Many drivers are unsure of the DWI (driving while intoxicated) or DUI (driving under the influence) rules and regulations when it comes to an incident that occurred outside their home state. The exact rules and regulations are distinct to each state’s laws and DMV (Department of Motor Vehicle) but essentially, if a New Jersey driver is sentenced with a DWI/DUI in another state, it is the same as being charged in New Jersey. All states but five (Massachusetts, Michigan, Wisconsin, Georgia, and Tennessee) have consented to and signed the Driver’s License Compact. This agreement between the states effectively treats vehicular offenses committed in other states as if they were committed in the home state. Thus, as long as the driver’s home state has a “substantially similar” statute to the statute the driver violated, the home state will treat it as if the offense happened within the home state.
If you are experiencing the following, do not hesitate to reach out to our firm today to speak with one of our dedicated and experienced Bergen County DUI attorneys.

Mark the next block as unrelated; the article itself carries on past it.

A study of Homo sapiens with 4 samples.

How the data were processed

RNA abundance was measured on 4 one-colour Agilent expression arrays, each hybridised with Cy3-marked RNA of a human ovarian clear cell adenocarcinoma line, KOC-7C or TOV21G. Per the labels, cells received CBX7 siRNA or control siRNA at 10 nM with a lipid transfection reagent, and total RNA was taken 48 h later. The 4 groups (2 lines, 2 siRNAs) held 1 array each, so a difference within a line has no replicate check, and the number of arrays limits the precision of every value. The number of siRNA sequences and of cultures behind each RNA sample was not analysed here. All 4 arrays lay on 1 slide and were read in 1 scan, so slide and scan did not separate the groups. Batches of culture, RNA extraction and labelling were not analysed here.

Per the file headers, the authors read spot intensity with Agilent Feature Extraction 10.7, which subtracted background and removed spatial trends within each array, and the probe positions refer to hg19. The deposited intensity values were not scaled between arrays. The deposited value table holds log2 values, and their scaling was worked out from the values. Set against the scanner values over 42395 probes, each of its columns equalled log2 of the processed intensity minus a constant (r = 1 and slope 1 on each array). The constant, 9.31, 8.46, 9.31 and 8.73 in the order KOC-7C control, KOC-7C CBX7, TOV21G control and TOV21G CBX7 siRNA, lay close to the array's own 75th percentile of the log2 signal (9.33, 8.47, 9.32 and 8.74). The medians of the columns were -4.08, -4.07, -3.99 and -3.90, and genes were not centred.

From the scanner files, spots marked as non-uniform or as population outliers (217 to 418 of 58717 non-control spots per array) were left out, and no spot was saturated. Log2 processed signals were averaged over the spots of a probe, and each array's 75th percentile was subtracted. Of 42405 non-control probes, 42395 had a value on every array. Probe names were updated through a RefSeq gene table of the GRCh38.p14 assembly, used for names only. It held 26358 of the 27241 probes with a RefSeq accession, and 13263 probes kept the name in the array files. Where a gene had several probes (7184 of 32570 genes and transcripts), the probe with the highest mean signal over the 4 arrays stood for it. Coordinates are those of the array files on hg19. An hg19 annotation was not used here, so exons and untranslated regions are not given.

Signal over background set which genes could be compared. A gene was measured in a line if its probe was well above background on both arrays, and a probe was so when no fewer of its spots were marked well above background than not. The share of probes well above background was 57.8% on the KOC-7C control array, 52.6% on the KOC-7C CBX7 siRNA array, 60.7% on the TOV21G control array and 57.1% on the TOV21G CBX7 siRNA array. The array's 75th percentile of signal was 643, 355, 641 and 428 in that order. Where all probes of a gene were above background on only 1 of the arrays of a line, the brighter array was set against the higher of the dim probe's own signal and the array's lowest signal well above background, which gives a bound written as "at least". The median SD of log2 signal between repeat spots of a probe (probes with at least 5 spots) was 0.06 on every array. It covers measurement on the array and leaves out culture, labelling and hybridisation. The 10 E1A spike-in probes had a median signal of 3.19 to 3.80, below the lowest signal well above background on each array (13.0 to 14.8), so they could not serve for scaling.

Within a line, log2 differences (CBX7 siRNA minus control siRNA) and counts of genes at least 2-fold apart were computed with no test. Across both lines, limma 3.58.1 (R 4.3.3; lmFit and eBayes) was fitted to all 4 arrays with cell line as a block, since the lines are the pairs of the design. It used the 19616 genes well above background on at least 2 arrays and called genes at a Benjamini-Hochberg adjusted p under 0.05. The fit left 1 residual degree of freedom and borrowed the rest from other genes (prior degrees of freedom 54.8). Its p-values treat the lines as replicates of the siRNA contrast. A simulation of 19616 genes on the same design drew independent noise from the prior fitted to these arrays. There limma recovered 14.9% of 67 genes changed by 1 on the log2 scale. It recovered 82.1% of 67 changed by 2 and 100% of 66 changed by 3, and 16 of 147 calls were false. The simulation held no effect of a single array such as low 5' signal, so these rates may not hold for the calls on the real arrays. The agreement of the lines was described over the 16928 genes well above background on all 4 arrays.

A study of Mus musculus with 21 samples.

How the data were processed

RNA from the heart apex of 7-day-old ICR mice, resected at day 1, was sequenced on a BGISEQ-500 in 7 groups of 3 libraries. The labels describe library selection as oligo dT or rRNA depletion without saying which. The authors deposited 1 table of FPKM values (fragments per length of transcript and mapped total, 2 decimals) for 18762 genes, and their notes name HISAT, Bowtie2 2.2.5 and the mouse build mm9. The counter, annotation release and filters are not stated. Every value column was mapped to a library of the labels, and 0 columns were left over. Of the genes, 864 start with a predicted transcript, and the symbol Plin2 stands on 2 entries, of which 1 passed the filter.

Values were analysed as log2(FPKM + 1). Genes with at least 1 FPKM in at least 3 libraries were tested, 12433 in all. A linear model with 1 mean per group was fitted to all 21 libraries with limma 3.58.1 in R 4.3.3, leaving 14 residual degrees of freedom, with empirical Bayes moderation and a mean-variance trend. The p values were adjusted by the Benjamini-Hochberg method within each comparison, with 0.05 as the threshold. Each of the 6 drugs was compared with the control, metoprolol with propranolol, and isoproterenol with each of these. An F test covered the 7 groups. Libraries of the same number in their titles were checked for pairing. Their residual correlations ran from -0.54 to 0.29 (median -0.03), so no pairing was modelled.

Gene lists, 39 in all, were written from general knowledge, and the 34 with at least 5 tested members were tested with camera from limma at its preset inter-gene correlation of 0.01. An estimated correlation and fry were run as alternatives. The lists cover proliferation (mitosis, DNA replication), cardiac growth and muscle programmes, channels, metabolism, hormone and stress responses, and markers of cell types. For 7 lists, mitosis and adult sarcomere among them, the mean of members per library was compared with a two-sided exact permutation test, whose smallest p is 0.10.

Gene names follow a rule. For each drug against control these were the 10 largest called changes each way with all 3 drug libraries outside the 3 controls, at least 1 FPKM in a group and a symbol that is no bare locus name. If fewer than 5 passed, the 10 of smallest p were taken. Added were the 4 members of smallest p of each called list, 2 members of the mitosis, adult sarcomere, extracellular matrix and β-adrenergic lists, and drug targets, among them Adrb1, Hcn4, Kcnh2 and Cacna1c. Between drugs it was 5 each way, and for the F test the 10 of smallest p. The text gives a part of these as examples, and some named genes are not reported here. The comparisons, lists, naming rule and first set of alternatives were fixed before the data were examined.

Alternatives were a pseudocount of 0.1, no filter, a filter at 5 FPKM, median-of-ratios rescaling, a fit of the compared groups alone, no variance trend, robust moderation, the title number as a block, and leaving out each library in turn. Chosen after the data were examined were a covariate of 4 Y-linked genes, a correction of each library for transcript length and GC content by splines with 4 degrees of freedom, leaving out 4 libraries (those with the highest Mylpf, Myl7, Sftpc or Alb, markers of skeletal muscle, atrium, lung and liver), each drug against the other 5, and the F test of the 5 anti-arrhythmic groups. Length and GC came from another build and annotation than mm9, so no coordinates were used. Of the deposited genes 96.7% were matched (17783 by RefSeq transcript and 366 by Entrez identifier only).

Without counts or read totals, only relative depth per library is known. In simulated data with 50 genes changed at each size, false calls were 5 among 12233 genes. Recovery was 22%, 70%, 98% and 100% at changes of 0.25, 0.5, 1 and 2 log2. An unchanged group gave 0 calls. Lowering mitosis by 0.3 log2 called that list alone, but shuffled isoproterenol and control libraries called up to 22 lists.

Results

What are the consequences of a DWI in New Jersey?
The penalties New Jersey drivers can encounter for being sentenced in another state for DWI/DUI can be severe. The driver’s license will likely be suspended in the state of the incident for the length of time defined by the statute and surcharges may apply. Moreover, the state-of-incident will then report the vehicular offense to the driver’s home state in order for the home state or DMV to apply its punishment. This can suggest a suspension of the driver’s license in the home state, fines and surcharges, and the more strict penalties that come with subsequent offenses or higher BACs (ignition interlock device, community service, prison time). Being disciplined in both the state-of-incident and the home state is constitutional and does not infringe the double jeopardy provision of the Fifth Amendment in the United States Constitution.
What if I have a subsequent or prior offense?
If a driver obtains a DWI/DUI in New Jersey after being sentenced for the same offense in another state, New Jersey will likely treat the driver as a two-time offender. This suggests that even though it may be the driver’s first DWI/DUI in New Jersey, the driver will not be punished as a first-time offender. The rules are the same for an out-of-state driver getting convicted of a DWI/DUI in New Jersey. There are particular exceptions to this, but they are complex and the counsel of an attorney is recommended.